ALMOST awesome figures

Posted by on May 15, 2016

In my on-going quest for XP, funded or not, I move forward with studies. I picked up the Kindle edition of Neil Fontaine’s “How to Draw Awesome Figures” (Link to the left). Was it worth my $5 or $6? Mostly.

What I learned –
Neil does a great job in the first half of this book. he simplifies the figure, and makes it really nice to walk through. Doing all the exercises is a joy because he has explained the topic and goal very well. For an artist though, I began to notice the illustrations were rather weak, and the skeletal representations were copied directly from poser or Daz3D.

I DID learn enough to make it worth the purchase. His approach to drawing the figure in the first half of the book is rather lovely. Very simplified to get proportions right, then building it up to be a manikin, then easing muscles on. It was when he moves from the straight on or straight behind view that the whole thing falls apart.

What bothered me – 

If I were to judge a book by its’ cover, it might be this one. Yes, that is the cover, and this fella is an illustrator. That’s ok though, I wanted to find something that was at the core of basics and fundamentals.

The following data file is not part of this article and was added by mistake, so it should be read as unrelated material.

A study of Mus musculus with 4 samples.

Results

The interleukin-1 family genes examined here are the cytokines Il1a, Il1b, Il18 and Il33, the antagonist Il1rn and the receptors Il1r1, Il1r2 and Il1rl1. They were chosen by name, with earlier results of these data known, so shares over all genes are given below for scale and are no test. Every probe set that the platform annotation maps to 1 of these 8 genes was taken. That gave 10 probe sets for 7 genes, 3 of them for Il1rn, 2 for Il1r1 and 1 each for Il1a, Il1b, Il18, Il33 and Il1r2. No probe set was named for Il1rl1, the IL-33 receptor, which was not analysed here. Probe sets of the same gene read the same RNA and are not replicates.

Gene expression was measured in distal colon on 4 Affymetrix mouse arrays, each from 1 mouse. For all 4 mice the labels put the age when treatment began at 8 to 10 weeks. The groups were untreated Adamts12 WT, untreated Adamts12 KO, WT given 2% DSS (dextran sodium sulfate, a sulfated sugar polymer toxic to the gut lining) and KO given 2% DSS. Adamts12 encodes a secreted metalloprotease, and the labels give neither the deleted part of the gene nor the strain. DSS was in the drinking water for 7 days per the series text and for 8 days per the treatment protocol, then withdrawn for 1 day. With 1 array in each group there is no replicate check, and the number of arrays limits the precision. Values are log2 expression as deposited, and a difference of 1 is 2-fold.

After the straight pm views, front and back, the author moves to side views. Then things start to slowly fall apart. Gone is the clear commentary. I think he, himself may do some guess work and approximation when he gets to this place. Then in 3/4 view everything falls apart. he has no clear ‘rules of thumb’ or ways to explain the form and how to draw it. I would think one would at least revert to a simplified Loomis approach if nothing else.

Then it becomes clear that the author is trying to fill pages. Then comes a full pitch to sign up for his online courses, Which I will be avoiding because the book fell rather flat. He then finishes up the book with a pile of photos of his girlfriend in her underdraws in his livingroom. eh… at least there was that.

Was it worth it?

Yes, I guess so, but just. It was worth paying the $5 or $6 to really come into the simplified way he approaches figure proportions. (At least in the straight on). I will be using that. I have had to tweak it a bit, and it did remind me that repetition of fundamentals is worth while. I do wish it offered a little more though, and I would be much more disappointed if I paid the $17 for the printed version.

I would have been fine with his web class pitch at the end, but not the last 30% of the book. I also would have been more inclined to all of it if the author included some of his illustrations. even after googling…. I got very little.

I have a number of titles on the reading list for my quest to XP, and I will cover them as I get through them.